17 May 2017
Primary, IPN may shape Health Care Homes: Is this right?
Two major corporate groups and Aboriginal Medical Services will account for about 75 percent of the Health Care Homes trials intended to shape the future of chronic disease management in primary care.
The government has allowed some $50 million for the Health Care Homes trials in the budget, apparently taking on board doctors’ concerns by delaying the roll-out and adopting a phased approach.
“Working closely with GPs and other health professionals, the government is progressing the implementation of the Health Care Homes trial with 20 practices to commence 1 October 2017 and the remaining 180 to commence 1 December 2017,” the budget announcement said.
But about half of the practices selected belong to two major corporates – Primary Health Care and IPN, which is part of the Sonic Health Care group – along with four from the Tristar group.
The dominance of the major corporates is a concern for doctors and Primary Health Network staff who say independent practices that have been actively developing patient-centred “medical home” models had missed out.
The Health Care Home concept has been embraced by the government as the way to deal with the rising burden of chronic disease with greater efficiency and improved health outcomes.
The CEO of the Consumers Health Forum, Leanne Wells, said the large corporate presence raised questions about whether the approach would be tested across an adequate diversity of practices and whether the conclusions would apply to the wider general practice community.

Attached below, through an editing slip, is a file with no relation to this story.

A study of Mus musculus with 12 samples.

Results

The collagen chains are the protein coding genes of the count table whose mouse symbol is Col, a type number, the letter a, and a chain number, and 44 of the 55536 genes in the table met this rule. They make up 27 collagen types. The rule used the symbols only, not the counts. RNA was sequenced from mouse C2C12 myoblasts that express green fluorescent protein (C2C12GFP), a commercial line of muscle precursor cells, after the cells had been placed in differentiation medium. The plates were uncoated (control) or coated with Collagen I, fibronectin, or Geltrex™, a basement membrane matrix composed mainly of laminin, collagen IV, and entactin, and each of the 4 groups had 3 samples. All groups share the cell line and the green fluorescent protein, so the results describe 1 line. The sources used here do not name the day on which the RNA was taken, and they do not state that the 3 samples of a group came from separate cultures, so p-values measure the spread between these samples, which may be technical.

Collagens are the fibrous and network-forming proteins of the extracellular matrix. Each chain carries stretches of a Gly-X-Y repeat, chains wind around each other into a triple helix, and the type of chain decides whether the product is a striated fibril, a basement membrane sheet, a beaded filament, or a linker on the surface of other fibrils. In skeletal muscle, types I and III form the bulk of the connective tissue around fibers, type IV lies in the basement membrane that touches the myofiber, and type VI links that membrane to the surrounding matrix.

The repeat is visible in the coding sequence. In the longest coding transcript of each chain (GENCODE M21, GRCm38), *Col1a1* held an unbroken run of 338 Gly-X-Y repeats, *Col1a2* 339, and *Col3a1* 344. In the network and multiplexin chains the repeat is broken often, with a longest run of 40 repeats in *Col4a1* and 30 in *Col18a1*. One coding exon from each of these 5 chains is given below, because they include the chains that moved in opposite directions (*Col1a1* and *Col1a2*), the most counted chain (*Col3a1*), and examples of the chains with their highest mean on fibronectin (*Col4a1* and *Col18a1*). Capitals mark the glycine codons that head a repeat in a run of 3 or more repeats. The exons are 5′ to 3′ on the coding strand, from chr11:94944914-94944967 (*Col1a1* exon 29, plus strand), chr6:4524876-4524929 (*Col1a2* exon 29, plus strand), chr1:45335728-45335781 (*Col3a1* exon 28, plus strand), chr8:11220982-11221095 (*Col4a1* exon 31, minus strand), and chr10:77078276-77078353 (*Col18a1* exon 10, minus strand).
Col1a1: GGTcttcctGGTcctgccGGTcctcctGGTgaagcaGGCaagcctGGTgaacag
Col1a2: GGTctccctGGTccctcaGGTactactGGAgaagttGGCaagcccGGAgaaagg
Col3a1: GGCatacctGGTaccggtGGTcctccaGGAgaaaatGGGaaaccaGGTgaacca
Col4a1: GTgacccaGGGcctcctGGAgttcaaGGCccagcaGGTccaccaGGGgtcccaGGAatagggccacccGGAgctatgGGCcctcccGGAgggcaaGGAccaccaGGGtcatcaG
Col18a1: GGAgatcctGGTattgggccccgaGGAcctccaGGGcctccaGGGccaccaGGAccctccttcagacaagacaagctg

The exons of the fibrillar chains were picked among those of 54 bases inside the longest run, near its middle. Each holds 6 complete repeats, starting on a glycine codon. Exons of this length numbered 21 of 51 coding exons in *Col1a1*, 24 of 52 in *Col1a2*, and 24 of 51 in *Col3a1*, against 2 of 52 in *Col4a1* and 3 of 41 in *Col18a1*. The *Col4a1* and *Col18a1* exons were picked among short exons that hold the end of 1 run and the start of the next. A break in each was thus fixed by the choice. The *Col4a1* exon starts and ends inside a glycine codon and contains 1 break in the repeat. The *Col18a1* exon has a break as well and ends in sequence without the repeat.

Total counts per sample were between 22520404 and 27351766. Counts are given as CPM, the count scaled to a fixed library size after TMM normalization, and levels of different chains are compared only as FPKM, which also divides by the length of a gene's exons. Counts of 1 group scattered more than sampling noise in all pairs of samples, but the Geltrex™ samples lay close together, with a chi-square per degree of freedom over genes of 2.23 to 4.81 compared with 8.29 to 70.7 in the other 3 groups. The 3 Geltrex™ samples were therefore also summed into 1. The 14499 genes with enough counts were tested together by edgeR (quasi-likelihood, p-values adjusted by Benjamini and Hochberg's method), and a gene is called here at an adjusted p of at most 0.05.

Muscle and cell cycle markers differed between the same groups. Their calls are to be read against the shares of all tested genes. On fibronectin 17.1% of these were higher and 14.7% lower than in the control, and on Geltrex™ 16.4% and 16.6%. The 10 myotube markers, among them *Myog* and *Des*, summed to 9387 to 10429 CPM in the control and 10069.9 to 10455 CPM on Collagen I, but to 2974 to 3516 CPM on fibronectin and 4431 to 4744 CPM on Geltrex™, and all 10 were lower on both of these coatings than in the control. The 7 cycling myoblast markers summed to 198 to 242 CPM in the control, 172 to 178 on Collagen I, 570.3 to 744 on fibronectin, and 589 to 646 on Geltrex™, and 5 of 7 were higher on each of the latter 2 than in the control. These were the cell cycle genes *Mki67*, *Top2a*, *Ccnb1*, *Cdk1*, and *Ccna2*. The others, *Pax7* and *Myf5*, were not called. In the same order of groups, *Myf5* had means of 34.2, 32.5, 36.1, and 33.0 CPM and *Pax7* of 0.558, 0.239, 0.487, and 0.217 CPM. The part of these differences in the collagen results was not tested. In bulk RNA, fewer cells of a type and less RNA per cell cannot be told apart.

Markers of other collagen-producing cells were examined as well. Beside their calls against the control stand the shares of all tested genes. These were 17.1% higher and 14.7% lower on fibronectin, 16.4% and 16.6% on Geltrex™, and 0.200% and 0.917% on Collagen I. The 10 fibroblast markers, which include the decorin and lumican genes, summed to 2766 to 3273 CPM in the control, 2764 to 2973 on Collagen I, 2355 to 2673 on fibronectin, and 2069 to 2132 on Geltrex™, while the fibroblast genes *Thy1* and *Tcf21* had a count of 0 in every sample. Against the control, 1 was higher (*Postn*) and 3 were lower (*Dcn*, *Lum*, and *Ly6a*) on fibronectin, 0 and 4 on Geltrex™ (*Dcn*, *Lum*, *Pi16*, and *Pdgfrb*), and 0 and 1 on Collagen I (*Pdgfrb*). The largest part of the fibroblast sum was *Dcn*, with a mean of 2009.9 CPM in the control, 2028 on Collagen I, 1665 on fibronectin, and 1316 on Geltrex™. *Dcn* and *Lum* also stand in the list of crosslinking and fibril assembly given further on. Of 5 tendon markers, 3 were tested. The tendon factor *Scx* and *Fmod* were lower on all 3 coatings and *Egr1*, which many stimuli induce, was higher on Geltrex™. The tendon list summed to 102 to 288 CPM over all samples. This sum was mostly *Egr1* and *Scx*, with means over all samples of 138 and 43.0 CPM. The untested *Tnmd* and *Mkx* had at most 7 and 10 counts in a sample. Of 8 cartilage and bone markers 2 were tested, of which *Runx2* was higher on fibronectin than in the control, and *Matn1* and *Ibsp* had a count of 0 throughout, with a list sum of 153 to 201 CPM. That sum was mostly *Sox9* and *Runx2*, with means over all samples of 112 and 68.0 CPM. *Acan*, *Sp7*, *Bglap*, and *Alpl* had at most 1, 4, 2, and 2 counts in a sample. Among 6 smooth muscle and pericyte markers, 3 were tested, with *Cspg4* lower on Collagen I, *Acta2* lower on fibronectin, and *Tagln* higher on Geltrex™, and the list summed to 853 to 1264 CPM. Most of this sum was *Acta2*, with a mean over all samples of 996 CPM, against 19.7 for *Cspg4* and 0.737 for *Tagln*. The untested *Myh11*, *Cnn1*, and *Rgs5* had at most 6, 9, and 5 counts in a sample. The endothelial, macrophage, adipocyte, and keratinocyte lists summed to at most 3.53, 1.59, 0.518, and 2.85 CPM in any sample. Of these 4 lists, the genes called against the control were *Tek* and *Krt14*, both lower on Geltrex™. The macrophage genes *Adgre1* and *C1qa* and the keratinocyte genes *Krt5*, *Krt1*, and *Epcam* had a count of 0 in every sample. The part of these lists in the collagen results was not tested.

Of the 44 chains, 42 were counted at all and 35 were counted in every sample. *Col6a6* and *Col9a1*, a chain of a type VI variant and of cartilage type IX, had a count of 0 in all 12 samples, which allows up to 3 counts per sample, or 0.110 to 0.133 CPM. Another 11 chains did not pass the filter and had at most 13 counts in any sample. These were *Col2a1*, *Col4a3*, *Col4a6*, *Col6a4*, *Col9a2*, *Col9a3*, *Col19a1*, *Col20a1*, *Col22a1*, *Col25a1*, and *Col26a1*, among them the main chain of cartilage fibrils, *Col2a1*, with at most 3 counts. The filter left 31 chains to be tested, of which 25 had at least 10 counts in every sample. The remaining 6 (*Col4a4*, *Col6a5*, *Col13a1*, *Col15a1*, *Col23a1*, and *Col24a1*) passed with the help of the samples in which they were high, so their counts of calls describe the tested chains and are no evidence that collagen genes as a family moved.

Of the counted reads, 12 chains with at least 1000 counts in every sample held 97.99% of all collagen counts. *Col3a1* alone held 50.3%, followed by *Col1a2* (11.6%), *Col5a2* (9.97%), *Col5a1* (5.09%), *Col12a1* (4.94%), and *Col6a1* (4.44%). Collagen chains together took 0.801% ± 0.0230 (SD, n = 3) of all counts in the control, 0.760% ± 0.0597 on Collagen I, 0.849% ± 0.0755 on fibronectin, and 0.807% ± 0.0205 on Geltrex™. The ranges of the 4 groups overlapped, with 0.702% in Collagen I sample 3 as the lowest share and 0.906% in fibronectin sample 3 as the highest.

“To be robust, the trials should allow for the HCH design to be tested in a variety of practice configuration and management models,” she said.
“We would be concerned that, without a diversity of participating practices, we end up with a model of care that only works for practices that have a particular type of corporate infrastructure and business model.”
“We know from evaluations for the US and NZ that primary care practice transformation is hard work and that a variety of patient centred medical home models are possible. A one-size-fits-all approach is unlikely to deliver the best outcome.”
Ms Wells, whose organisation has been pushing the HCH development, said it was important to learn what impeded change, as well as what enabled it, so that policy could put in place the right incentives and programs to shift primary care towards a new system.
“However, on the positive side the keen involvement of the corporates would indicate that they see the funding model as workable.”
About 65,000 patients are expected to be enrolled in HCH trial practices across 10 PHN regions, in a scheme that Prime Minister Malcolm Turnbull promised would revolutionise Medicare.
However, the RACGP withdrew its support from the trials months ago, complaining the government’s version was half-baked and relied on inadequate capitation payments.
The AMA has backed the concept but agreed the scheme was “set up to fail” because of a funding shortfall. Of the $110 million in funding, most is redirected from other chronic care MBS items.
The 200 practices taking part in the trials will receive one-off payments of $10,000 for set-up costs.
The government abandoned the original start date of this July for the two-year trial, heeding doctors’ concerns.
It has allowed $22 million for the trial in the current year, followed by allocations of $2.6 million in 2017-18 and $25.5 million in 2018-19. An additional $30 million is earmarked for community pharmacy to support the trial.
Minister for Indigenous Health Ken Wyatt said he was particularly pleased by the selection of 46 Aboriginal Medical Services, including community-controlled clinics.
The trials will be held in the PHN areas of Perth North, Adelaide, Country South Australia, Brisbane North, Western Sydney, Hunter, New England and Central Coast, South Eastern Melbourne, Nepean Blue Mountains, Northern Territory and Tasmania.